Analysis: Pressure Builds On Capitol Hill To Avoid Defense Spending Cuts | WAMU 88.5 - American University Radio

WAMU 88.5 : News

Filed Under:

Analysis: Pressure Builds On Capitol Hill To Avoid Defense Spending Cuts

Play associated audio

David Hawkings, CQ Roll Call Daily Briefing

On Capitol Hill, pressure is mounting to avoid looming defense spending cuts—the penalty for Congress failing to reach a deal on the debt ceiling last year.

David Hawkings, editor of the CQ Roll Call Daily Breifing talks with Matt McCleskey, host for WAMU's Morning Edition about how the cuts could effect defense contractors nationwide, especially contractors in Virginia.

On where this standoff is headed: "The standoff is almost certainly headed past the election and into what we've been calling the mother of all lame-duck sessions," says Hawkings. "If those defense contractors are starting to send layoff notices out before the election, that will maybe raise the pressure on them to get it done earlier in Congress, but it really doesn't look like it. It looks instead as though both sides will be making this a big campaign issue, and then will come back right after the election and probably paper things over into the new year."

Virginia could be deeply affected by defense cuts, it is also a crucial state for the election. On how Democrats will take on this risk: "By some accounting, defense spending counts for about 17 percent  of the GDP in Virginia. It is the huge industry in Virginia, and it's obviously the huge federal presence in Virginia. It's a big risk for the president," says Hawkings. "The president says we can come up with that  money instead by raising taxes on people making more than $250,000 a year. This is why the president is not going to let go of this sequester threat before the election, because he thinks this it is his best way of making his point that we need to raise taxes instead."

The fate of a House bill to force President Obama to explain how the $109 billion cuts for the Pentagon and non-defense spending would be implemented: "That bill is probably going to pass. The Senate has already taken a similar vote, who think that the best way to raise the drama on this, to drive the point home with the electorate and to really understand it themselves, is to have a detailed understanding from the president about what the program-by-program effects would be for these across the board cuts," says Hawkings. "It does, however, look unlikely that given how slowly the legislative gears move in Congress, that although the Senate has taken a similar vote, that the House and Senate would actually agree on something, send it to the president's desk, get his signature on it, and then get this report back by the start of the fiscal year."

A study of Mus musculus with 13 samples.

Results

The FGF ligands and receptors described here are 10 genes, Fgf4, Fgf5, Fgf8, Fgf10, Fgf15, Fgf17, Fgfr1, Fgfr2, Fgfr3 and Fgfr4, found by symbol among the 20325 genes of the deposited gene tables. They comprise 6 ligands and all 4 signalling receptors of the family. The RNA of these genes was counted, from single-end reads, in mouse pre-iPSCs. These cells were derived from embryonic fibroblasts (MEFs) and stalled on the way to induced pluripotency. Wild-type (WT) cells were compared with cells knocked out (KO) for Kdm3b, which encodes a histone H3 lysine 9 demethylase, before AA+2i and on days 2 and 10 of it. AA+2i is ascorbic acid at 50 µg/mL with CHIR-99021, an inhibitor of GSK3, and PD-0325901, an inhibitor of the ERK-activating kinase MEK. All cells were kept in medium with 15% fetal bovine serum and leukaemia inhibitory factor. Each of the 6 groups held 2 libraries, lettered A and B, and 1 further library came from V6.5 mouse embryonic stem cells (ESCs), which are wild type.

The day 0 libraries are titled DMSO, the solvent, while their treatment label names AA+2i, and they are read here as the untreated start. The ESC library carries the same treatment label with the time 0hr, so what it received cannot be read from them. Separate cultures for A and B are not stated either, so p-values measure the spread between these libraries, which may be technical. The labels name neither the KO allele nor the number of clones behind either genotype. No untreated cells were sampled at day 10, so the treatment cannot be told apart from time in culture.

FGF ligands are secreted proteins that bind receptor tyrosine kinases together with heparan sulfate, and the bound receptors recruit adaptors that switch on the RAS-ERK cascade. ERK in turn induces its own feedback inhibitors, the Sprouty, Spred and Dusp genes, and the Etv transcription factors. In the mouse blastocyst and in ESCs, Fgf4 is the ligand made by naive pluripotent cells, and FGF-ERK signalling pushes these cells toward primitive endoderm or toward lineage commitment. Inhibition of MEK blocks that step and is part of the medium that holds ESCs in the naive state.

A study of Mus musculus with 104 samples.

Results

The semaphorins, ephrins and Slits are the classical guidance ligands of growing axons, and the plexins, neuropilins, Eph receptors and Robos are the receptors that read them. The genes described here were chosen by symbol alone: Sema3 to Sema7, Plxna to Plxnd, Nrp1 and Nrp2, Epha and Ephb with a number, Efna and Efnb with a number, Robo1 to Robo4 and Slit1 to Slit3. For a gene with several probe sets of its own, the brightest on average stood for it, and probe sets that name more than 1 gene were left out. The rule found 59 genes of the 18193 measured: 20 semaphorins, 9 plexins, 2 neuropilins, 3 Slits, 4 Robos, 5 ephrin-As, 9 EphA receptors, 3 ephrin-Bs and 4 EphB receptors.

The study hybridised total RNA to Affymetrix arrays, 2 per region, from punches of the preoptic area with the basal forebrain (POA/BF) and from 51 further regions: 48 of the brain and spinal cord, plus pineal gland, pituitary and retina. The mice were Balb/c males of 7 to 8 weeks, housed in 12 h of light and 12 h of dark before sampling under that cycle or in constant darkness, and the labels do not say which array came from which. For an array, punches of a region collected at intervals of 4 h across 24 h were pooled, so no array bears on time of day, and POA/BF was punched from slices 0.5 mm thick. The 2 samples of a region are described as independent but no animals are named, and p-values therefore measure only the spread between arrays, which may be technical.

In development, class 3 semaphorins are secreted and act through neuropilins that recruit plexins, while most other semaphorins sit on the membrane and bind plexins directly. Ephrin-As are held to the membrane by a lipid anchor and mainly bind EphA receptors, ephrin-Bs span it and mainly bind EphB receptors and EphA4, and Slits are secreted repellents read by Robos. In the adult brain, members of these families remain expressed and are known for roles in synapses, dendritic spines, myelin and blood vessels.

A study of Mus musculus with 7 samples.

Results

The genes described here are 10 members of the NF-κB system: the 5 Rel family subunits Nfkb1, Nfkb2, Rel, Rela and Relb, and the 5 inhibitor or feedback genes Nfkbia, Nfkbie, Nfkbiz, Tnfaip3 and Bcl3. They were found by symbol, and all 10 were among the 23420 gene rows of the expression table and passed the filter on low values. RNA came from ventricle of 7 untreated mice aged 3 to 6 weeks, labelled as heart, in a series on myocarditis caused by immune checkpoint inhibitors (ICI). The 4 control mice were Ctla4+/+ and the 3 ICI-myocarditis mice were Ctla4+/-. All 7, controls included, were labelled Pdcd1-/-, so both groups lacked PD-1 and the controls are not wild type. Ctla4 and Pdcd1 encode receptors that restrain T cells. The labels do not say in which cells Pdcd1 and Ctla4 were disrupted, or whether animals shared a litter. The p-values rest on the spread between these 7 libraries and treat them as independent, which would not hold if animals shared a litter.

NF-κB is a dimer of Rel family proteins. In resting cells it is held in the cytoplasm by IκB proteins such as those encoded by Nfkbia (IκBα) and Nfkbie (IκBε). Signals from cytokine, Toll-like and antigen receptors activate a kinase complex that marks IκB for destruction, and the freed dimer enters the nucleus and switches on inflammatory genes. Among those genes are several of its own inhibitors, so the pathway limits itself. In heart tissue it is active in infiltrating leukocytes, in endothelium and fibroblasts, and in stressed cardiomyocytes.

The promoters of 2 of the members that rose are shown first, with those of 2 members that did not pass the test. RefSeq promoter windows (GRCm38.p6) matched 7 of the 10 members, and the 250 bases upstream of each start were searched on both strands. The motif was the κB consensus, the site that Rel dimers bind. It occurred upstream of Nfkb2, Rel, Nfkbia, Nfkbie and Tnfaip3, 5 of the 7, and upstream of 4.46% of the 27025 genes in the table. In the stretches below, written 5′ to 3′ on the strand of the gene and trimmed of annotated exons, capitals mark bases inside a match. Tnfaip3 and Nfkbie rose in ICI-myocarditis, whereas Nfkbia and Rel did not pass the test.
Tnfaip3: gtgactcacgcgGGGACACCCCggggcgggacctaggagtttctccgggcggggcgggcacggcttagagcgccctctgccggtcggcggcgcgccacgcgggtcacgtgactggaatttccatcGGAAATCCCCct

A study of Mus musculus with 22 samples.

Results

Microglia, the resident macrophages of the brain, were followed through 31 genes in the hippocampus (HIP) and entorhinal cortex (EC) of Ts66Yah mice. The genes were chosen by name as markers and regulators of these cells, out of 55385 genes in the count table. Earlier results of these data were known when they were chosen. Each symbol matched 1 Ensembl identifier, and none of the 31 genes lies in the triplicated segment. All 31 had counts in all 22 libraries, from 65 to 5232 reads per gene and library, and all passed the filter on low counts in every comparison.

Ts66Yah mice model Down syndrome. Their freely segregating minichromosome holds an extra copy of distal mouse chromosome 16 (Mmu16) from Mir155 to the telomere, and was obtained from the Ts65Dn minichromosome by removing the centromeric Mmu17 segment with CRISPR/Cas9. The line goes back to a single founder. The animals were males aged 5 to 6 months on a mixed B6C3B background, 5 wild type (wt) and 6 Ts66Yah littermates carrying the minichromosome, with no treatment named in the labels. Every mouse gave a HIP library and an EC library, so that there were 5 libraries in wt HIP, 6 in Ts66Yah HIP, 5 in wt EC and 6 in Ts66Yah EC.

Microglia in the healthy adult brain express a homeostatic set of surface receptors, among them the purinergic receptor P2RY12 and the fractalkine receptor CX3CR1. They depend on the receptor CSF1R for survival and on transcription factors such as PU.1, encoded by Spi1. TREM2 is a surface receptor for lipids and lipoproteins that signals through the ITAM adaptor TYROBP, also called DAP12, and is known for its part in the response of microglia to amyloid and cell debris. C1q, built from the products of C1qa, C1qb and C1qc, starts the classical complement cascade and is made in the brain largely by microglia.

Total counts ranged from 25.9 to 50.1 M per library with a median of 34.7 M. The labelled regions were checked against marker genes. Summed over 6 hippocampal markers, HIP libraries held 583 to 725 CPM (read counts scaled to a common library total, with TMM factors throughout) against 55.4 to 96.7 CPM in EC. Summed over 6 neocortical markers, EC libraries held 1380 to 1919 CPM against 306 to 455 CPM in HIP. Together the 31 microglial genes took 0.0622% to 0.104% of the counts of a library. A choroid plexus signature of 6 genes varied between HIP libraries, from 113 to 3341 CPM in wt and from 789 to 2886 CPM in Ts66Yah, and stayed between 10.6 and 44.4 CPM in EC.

Listen to the full interview here. 

NPR

Why Afghanistan's 'Underground Girls' Skirt Tradition To Live As Boys

In a new book, journalist Jenny Nordberg writes about the bacha posh, young girls who dress up like boys to enjoy the freedoms of being an Afghan male for as long as they can.
NPR

Keeping Heirloom Apples Alive Is 'Like A Chain Letter' Over Many Centuries

Scott Farm in Vermont grows 100 apple varieties, some of them dating back to the 1700s. These apples may not look as pretty as the Red Delicious, but what they lack in looks they make up for in taste.
WAMU 88.5

New Anthony Brown Video Accuses Opponent Of 'Hiding' And 'Lying"

Democrat Anthony Brown unveiled a new web video today alleging that Republican Larry Hogan is "hiding" his positions on contentious issues like abortion and gun control.
NPR

Tech Week: Smartphone Privacy, Cyberstalking, Alibaba's Big Debut

Chinese e-commerce giant Alibaba makes the biggest debut on the NYSE ever. The details, and the other tech stories that piqued our interest, are in this week's roundup.

Leave a Comment

Help keep the conversation civil. Please refer to our Terms of Use and Code of Conduct before posting your comments.